Interview: Sultan bin Saeed Al Mansoori
What new strategies are being pursued to further diversify the country’s exports?
SULTAN BIN SAEED AL MANSOORI: The GDP contribution of non-oil economic sectors has risen in the last decade from 61.2% in 2003 to 76.3% in 2013. The country’s concerted efforts have enabled us to introduce a number of policies that focus on diversifying our economy internally and boosting the volume of exports. As part of an ambitious strategy, the UAE is currently working on developing and amending the Industrial Affairs Law of 1979 and aligning it with our development goals to further stimulate different sectors and accelerate export capabilities. Given efforts to introduce the UAE’s products into new markets and to showcase them at international exhibitions, the industrial sector’s contribution to national GDP is expected to reach 25% in 2021, compared to 14% in 2014. Negotiation of trade agreements with other countries and economic blocks also plays an important role in diversifying the economy by pursuing new markets for the country’s products and services and facilitating seamless business transactions. In this sense, the country has been providing companies with extensive information and organising workshops to aid them in entering new markets.
As GDP growth slows down in most parts of the world, what is the main challenge for a small open economy such as the UAE to maintain growth?
AL MANSOORI: The UAE is expected to end 2014 with 4.8% growth in the national economy, and we remain confident that our economy will remain buoyant in both the short and long term. Due to our strategic geographic location and the advanced infrastructure facilities we provide to investors and visitors, the country has evolved into an international tourism destination and a global gateway to trade between the West and East. The country is today a largely consumption-driven market. The main challenge, given the strong growth in the economy, is the proportional surge in inflation. However, inflation has largely been kept in check in the UAE, averaging 2-3% by the end of 2014. The government has put in place a number of initiatives and regulations to control inflation, such as Federal Law No. 24 of 2006 concerning consumer protection.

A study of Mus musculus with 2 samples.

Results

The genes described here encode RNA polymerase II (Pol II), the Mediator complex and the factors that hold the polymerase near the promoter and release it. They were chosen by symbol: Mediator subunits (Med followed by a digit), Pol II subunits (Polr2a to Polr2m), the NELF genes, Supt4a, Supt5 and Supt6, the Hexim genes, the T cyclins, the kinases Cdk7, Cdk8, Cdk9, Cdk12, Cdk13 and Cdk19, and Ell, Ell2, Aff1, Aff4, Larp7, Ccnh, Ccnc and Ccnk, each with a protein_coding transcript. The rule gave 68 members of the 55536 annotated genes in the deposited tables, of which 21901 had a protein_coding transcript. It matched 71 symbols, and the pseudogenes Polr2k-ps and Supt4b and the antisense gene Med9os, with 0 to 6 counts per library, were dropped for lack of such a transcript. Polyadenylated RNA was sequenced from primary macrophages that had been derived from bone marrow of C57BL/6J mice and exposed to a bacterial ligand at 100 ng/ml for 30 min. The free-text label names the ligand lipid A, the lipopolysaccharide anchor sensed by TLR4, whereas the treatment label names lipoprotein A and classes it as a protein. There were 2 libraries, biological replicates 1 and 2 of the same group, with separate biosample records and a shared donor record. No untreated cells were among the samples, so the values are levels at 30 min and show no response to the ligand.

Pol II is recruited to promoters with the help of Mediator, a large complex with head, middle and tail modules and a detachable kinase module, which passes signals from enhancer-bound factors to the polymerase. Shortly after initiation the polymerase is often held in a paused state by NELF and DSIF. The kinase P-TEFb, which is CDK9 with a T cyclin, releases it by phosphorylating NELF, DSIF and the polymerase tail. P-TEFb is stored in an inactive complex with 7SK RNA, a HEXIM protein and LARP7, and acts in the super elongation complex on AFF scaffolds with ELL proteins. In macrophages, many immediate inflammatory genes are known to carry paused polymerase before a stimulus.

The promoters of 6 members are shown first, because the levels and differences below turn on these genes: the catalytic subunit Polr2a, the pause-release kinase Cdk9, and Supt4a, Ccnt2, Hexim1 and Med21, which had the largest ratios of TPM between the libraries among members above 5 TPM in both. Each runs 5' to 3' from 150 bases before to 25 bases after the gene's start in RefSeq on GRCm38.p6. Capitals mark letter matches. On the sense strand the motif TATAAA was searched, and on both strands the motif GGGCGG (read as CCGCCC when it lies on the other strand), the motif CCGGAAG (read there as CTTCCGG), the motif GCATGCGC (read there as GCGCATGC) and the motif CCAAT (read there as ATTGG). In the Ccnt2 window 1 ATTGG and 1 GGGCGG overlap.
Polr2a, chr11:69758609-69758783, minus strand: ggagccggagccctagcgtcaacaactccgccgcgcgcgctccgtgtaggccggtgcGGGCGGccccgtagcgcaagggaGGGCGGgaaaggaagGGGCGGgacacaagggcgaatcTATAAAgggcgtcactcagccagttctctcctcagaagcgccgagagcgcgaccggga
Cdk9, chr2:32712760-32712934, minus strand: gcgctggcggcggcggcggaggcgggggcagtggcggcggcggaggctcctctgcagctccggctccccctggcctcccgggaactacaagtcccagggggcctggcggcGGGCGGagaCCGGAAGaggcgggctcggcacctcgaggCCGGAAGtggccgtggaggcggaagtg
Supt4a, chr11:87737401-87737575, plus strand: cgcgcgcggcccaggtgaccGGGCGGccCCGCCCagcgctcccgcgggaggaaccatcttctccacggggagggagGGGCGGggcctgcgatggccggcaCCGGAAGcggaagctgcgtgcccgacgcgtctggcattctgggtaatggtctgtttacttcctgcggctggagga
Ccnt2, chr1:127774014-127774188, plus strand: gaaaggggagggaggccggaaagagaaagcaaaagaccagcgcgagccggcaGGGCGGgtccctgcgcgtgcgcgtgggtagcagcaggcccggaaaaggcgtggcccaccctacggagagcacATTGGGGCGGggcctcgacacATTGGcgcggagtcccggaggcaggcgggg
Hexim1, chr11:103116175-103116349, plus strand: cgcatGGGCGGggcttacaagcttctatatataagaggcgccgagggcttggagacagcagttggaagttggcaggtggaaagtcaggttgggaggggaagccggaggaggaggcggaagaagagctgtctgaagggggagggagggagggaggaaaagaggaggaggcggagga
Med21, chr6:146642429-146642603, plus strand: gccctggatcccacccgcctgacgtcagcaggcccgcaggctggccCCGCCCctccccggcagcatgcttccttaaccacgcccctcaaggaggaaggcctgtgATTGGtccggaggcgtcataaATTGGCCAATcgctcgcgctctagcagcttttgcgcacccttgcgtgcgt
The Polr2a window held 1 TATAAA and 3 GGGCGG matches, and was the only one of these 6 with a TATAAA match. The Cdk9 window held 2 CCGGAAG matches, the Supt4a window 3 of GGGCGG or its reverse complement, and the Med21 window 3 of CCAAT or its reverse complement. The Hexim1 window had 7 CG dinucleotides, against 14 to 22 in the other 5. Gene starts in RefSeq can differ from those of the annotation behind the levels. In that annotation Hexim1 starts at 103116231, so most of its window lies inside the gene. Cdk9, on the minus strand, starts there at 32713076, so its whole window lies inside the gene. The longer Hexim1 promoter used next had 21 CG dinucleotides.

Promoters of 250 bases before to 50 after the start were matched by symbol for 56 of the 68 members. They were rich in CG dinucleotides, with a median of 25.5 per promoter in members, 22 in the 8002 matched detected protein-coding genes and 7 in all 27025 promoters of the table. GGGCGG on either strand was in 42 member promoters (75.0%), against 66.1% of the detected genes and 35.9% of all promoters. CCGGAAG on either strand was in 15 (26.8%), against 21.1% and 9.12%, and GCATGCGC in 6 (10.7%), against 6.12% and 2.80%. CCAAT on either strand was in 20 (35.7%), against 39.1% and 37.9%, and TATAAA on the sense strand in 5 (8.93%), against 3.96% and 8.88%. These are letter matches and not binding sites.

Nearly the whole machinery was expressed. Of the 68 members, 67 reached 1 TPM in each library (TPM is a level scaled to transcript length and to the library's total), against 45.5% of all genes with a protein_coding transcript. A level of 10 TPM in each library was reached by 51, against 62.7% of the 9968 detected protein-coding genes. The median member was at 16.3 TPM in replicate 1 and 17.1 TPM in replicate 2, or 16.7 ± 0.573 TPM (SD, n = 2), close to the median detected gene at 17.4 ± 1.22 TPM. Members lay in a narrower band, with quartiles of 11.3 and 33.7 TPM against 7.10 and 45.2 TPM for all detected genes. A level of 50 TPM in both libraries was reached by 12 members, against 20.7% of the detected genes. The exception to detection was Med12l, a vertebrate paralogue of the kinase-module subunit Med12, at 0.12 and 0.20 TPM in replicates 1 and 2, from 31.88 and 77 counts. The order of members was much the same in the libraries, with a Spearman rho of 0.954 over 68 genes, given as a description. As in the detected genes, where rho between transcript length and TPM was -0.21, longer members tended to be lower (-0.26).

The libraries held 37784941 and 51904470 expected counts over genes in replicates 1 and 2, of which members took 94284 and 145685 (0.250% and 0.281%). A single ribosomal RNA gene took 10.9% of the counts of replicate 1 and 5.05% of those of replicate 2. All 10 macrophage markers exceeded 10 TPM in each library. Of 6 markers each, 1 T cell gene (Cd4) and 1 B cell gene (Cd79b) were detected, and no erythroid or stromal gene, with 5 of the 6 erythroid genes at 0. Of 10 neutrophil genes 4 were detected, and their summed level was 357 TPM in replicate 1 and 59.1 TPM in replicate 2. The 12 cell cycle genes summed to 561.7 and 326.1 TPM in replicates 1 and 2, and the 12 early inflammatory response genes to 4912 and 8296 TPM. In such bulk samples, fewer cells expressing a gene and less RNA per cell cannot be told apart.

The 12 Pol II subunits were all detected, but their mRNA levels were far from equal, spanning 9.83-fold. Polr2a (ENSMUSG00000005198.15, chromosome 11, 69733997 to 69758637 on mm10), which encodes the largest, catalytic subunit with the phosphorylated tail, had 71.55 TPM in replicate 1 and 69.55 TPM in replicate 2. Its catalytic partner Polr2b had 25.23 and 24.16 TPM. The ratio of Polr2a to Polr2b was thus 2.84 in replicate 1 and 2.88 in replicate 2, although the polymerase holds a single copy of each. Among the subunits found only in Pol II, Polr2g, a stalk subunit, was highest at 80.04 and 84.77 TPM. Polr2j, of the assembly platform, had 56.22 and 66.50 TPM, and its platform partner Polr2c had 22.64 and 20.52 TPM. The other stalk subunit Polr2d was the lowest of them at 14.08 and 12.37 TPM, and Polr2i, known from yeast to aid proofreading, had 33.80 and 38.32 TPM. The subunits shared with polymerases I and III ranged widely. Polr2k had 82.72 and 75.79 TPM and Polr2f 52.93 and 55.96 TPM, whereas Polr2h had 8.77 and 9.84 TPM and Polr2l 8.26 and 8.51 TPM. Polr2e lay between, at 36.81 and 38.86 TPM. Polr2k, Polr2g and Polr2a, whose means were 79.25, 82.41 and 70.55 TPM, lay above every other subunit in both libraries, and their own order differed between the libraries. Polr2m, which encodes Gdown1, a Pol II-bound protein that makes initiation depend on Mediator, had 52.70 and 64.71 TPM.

Which areas within the knowledge economy is the country looking to develop in the upcoming years?
AL MANSOORI: We are prioritising seven sectors: renewable energy, transport, the environment, education, health, aviation and aerospace. In these areas, we regard small and medium-sized enterprises (SME) and entrepreneurs as key stakeholders in diversifying the economy. SMEs contribute up to 60% of the country’s GDP and, in line with the UAE Vision 2021, we seek to bring this up to 70%. The UAE government has issued Federal Decree Law No. 2 of 2014 to encourage more active participation by UAE citizens in entrepreneurship and enlist their involvement in the SME sector.
We are also prioritising industry, especially advanced technology and knowledge-based sectors. Industry’s share of GDP is estimated at 14% and is expected to increase over the next few years, especially due to the launch of the UAE space and aerospace programmes. Notably, the UAE’s national agenda seeks to triple research and development spending by 2021.
What risks do long-term political unrest in the Middle East represent for the UAE’s economy?
AL MANSOORI: The UAE is currently not directly affected by the turbulence in the region. Our leadership realises the need to address any issues before any consequences can result. The government works proactively on many levels to guarantee stability. The UAE takes stern economic measures to dry up the financial sources for terrorism by closely monitoring financial markets and organisations to guarantee that institutions are not being used in any way that would affect the stability of the region or the world at large. Security and safety are major attractions when it comes to investments, making them a high priority for the UAE government.